Place the yeast and 1 tablespoon each of caster sugar and flour into a medium bowl.
Gently heat the milk until lukewarm, add to the yeast mixture and stir well. Leave in a warm place for 10 to 15 minutes, or until starting to bubble.
Place the softened butter and remaining sugar and flour into a large bowl, then briefly rub in the butter.
Pour in the yeast mixture and stir with a wooden spoon until it comes together into a rough dough. Shape into a ball with your hands, adding a little more flour if it’s too sticky, then knead for a few minutes on a flour-dusted surface until smooth.
Place into a clean bowl, cover with a damp tea towel and leave in a warm place for 1 hour, or until doubled in size.
Once doubled, turn out the dough onto a flour-dusted surface, knock it back, then divide and roll into 12 equal-sized balls. Flatten slightly with your hand, then divide between 2 large baking trays lined with greaseproof paper.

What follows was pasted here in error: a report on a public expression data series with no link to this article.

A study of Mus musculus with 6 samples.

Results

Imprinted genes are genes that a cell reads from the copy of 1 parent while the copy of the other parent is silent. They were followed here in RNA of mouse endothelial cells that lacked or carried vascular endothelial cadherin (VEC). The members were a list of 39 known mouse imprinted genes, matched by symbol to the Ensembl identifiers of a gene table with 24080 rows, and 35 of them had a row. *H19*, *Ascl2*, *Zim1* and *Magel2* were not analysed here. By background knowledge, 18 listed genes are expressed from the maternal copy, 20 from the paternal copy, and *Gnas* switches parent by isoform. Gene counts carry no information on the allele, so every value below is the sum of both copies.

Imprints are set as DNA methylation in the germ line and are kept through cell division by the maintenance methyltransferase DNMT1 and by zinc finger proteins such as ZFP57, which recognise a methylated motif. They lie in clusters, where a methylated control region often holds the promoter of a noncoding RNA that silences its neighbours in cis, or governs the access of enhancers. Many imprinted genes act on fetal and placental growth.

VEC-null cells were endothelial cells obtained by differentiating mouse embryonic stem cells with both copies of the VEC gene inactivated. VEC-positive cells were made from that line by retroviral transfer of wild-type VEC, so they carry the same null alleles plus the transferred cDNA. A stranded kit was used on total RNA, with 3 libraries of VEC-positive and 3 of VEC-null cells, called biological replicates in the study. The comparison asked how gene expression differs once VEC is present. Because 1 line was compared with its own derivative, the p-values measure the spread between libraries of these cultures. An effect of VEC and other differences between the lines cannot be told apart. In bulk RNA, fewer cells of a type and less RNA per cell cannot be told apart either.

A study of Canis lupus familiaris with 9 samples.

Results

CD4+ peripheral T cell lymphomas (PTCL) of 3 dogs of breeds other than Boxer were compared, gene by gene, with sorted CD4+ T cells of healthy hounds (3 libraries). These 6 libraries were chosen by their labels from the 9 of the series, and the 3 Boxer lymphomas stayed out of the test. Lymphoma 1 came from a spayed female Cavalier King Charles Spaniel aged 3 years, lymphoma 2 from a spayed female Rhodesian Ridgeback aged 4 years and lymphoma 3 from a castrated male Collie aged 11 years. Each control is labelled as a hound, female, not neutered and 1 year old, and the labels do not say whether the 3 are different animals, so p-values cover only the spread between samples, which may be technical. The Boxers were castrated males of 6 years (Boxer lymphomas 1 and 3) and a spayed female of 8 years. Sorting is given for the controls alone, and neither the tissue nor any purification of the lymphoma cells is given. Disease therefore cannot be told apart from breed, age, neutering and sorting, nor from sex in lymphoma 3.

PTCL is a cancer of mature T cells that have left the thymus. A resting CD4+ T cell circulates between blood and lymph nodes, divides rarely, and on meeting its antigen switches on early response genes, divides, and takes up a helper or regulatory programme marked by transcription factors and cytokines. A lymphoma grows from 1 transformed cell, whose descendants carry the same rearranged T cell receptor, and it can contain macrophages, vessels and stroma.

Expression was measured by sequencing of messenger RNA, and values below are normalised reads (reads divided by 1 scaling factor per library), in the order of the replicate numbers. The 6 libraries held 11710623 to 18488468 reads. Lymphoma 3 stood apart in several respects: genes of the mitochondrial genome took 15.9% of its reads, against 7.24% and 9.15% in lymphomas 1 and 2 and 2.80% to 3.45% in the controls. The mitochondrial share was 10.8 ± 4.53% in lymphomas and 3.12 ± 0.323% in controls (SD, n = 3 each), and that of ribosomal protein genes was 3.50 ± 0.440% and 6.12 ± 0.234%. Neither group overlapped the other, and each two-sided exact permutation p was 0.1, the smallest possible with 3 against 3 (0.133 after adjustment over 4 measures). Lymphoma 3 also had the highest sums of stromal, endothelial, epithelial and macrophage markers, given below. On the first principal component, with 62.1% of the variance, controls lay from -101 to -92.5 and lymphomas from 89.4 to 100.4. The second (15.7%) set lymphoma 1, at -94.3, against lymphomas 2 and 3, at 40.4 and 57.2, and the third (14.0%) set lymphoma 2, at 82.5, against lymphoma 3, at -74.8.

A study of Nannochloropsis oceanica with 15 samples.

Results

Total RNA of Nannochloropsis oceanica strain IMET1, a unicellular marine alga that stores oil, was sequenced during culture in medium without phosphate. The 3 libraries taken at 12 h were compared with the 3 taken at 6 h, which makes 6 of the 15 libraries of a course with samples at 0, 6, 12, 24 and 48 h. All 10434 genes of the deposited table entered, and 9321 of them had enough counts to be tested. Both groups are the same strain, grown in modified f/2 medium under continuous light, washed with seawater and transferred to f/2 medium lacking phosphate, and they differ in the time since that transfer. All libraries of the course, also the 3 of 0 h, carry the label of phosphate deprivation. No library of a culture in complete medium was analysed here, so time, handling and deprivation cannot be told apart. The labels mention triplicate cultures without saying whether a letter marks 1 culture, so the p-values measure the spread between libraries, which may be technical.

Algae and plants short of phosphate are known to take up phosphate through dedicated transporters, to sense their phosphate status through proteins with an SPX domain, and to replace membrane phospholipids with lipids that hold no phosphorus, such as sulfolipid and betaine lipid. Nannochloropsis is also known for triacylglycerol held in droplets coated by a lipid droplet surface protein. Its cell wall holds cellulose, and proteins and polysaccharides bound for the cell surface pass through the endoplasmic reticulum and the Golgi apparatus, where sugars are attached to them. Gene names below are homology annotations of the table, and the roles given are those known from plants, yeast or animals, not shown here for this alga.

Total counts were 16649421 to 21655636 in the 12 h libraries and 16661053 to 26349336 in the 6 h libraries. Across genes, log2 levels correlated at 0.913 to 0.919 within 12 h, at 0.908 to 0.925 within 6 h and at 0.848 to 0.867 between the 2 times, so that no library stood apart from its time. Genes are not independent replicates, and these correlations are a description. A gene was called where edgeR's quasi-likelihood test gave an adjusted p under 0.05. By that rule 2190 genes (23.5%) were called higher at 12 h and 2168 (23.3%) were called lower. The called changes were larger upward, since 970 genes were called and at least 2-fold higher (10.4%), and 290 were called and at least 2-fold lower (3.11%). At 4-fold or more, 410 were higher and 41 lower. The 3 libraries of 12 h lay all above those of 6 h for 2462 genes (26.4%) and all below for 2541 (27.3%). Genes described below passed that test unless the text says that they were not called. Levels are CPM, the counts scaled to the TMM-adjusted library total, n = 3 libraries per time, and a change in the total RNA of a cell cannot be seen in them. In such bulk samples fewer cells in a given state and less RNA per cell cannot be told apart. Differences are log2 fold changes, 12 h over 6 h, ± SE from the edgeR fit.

Cover with a damp tea towel and leave in a warm place to prove for a further 45 minutes, or until doubled in size.
Place a medium pan over a high heat, pour in the oil and allow to heat up. To test if it’s hot enough, drop a piece of dough into the pan – if the dough floats to the surface, sizzles and turns golden, it’s about right.
Reduce the heat to medium then, using a slotted spoon, carefully lower the dough balls into the oil – they’ll need to cook in an even layer so you won’t be able to add all of them at once.
Fry for around 5 minutes, or until golden, turning halfway, then transfer to a double layer of kitchen paper to drain.
Meanwhile, warm the dulce de leche over a low heat until softened, then transfer to a piping bag with a small nozzle.
Combine the cinnamon sugar ingredients and ½ teaspoon of fine sea salt in a shallow bowl.
Insert the piping bag nozzle into the side of each doughnut and squeeze in the dulce de leche (you’ll know you’ve squeezed in enough when it starts to ooze out).
Roll the doughnuts in the cinnamon sugar, then tuck in.